07/13/2007, 00.00

Fishermen protest against higher kerosene prices

Melani Manel Perera
Fishing communities complain about 30 per cent hike in kerosene price. Colombo approves government fuel subsidies but then turns around and raises prices blaming the civil war and the tsunami for the economic crisis.

Colombo (AsiaNews) – Sri Lanka’s fishermen have organised a national protest against government hike in fuel prices. With banners reading “Lower fuel prices” and “Protect Fishermen’s Rights,” protesters took to the streets of Colombo and other towns in the country.

Demonstrators want the price of kerosene, the main fuel, to be lowered after the Ceylon Petroleum Corporation raised it last week by 16 rupees or 30 per cent. Until recently kerosene was seen as a poor man’s fuel and was subsidised by the government.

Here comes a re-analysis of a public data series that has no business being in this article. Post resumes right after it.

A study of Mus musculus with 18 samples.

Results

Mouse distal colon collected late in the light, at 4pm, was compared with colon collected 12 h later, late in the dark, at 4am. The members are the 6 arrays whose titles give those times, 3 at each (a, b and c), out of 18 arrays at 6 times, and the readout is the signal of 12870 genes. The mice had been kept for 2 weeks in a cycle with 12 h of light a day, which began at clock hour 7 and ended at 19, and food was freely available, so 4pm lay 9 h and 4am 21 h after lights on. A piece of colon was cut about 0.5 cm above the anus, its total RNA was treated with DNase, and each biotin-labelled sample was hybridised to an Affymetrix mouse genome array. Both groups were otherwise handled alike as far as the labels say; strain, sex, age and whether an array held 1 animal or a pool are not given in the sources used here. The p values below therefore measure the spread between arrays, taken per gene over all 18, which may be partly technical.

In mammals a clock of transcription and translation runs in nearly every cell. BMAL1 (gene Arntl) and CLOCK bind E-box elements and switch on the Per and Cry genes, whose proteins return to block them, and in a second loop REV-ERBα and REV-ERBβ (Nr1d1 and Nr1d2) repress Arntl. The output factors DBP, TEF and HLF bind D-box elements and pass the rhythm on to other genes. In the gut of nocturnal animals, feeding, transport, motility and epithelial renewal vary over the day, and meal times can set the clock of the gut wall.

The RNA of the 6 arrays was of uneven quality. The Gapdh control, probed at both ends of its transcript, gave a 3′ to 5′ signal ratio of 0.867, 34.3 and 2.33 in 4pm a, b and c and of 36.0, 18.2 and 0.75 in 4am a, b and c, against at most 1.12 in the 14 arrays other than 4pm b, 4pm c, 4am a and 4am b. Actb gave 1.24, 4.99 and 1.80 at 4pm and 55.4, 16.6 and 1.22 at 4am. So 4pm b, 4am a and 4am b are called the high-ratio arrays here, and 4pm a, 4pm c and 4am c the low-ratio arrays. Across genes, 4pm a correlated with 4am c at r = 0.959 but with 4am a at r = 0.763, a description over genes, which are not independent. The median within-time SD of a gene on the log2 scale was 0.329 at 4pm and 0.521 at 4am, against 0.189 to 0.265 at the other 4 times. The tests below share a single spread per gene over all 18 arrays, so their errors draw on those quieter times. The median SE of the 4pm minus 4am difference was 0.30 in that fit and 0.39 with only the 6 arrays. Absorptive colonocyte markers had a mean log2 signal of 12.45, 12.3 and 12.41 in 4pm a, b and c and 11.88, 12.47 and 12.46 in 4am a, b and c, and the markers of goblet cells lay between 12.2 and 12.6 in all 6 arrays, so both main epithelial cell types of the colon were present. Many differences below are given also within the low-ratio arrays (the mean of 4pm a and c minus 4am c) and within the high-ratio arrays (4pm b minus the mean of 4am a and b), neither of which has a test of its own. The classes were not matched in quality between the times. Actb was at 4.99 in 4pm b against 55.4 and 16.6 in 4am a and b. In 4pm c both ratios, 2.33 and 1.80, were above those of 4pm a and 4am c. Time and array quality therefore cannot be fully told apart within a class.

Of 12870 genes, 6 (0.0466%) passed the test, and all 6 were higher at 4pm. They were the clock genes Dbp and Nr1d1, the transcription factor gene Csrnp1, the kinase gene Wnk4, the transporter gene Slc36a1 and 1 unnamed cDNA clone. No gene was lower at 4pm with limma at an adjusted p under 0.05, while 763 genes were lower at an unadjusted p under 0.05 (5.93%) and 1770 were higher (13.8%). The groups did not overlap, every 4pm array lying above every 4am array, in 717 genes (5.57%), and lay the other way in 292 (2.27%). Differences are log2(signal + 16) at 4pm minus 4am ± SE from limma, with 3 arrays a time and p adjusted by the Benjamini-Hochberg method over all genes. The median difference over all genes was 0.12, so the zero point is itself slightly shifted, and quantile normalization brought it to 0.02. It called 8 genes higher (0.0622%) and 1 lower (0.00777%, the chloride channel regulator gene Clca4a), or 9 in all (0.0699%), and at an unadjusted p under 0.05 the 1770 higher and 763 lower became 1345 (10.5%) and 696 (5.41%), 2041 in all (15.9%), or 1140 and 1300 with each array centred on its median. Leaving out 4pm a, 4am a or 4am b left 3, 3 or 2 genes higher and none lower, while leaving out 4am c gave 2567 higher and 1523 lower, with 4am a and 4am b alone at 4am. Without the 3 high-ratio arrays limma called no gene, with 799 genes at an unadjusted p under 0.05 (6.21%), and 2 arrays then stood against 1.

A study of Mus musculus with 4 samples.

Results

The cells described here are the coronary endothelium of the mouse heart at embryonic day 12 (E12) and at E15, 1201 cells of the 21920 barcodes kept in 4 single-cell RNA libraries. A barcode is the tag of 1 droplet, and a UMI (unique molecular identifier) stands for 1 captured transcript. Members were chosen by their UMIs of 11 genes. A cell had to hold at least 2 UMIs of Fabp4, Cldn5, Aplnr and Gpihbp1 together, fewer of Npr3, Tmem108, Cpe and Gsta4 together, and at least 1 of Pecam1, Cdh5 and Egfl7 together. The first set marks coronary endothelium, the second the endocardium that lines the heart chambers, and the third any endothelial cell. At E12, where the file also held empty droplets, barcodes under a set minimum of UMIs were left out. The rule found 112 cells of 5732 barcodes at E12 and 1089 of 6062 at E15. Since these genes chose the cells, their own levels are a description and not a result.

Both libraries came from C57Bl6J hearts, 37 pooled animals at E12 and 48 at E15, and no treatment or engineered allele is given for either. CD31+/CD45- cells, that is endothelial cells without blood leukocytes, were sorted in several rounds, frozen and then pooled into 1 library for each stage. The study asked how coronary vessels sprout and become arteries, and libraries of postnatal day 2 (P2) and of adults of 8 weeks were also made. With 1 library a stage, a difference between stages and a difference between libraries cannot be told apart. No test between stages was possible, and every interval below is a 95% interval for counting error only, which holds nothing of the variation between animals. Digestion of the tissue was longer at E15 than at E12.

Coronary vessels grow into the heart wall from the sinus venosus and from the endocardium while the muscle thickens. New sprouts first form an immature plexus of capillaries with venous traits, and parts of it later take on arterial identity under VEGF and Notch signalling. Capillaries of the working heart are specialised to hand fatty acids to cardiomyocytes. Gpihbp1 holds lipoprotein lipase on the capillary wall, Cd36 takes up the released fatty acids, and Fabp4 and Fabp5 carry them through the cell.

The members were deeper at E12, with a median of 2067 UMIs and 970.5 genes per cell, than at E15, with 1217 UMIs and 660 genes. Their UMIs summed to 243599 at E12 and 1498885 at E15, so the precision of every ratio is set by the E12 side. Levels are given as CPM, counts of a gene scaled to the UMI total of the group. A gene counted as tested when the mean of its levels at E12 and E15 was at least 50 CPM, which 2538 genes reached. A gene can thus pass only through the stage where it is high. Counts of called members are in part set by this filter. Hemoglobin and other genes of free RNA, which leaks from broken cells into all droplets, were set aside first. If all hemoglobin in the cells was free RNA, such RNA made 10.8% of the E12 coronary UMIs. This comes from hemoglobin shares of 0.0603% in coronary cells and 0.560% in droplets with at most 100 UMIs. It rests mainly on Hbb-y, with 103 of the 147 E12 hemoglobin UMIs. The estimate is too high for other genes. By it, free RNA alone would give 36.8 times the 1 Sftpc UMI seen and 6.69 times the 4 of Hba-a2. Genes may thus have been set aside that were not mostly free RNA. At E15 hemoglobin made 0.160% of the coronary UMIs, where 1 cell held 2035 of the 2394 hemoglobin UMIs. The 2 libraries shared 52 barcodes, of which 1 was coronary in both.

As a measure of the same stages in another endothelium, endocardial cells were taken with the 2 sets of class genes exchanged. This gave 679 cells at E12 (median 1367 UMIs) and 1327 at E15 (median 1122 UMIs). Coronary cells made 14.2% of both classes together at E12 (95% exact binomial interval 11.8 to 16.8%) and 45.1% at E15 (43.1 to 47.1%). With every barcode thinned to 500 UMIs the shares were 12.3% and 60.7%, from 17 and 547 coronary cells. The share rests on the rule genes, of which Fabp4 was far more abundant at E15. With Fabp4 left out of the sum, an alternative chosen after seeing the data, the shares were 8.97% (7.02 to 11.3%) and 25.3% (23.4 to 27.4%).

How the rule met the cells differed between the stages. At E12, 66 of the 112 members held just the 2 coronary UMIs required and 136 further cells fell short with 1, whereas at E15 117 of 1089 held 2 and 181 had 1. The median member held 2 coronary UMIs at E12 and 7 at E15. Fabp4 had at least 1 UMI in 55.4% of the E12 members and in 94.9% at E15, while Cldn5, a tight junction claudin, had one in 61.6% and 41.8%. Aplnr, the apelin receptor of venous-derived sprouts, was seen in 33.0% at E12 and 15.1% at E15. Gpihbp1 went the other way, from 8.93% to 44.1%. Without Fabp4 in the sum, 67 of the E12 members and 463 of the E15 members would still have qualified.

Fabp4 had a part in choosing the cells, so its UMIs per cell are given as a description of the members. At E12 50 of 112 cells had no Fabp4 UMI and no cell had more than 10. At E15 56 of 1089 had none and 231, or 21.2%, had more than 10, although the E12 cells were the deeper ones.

The decision directly affects fishermen, especially since the 2004 tsunami, when their homes and equipment sheds were moved away from the coastline. This has led to higher transportation costs with moving fishing gear to and fro the beach costing up to 600 rupees (US$ 5.50)

AsiaNews talked to some of the fishermen in the Kalutara area, south of Colombo, who do not understand the reason for the hike.

“It doesn’t make sense,” said Anthony Peresa, a local Catholic fisherman. “Colombo approved the fuel subsidies but did not apply them. Now it is raising the prices.”

Other fishermen complain about the great economic difficulties they face in the current economic situation. One group just back from the sea said that the “government keeps on saying that the current situation is due to the civil war and the tsunami. We can’t accept that. Our political leaders had several possibilities to rebuilt the country and ensure some degree of economic stability but they blew it and so the poor are the ones to suffer.”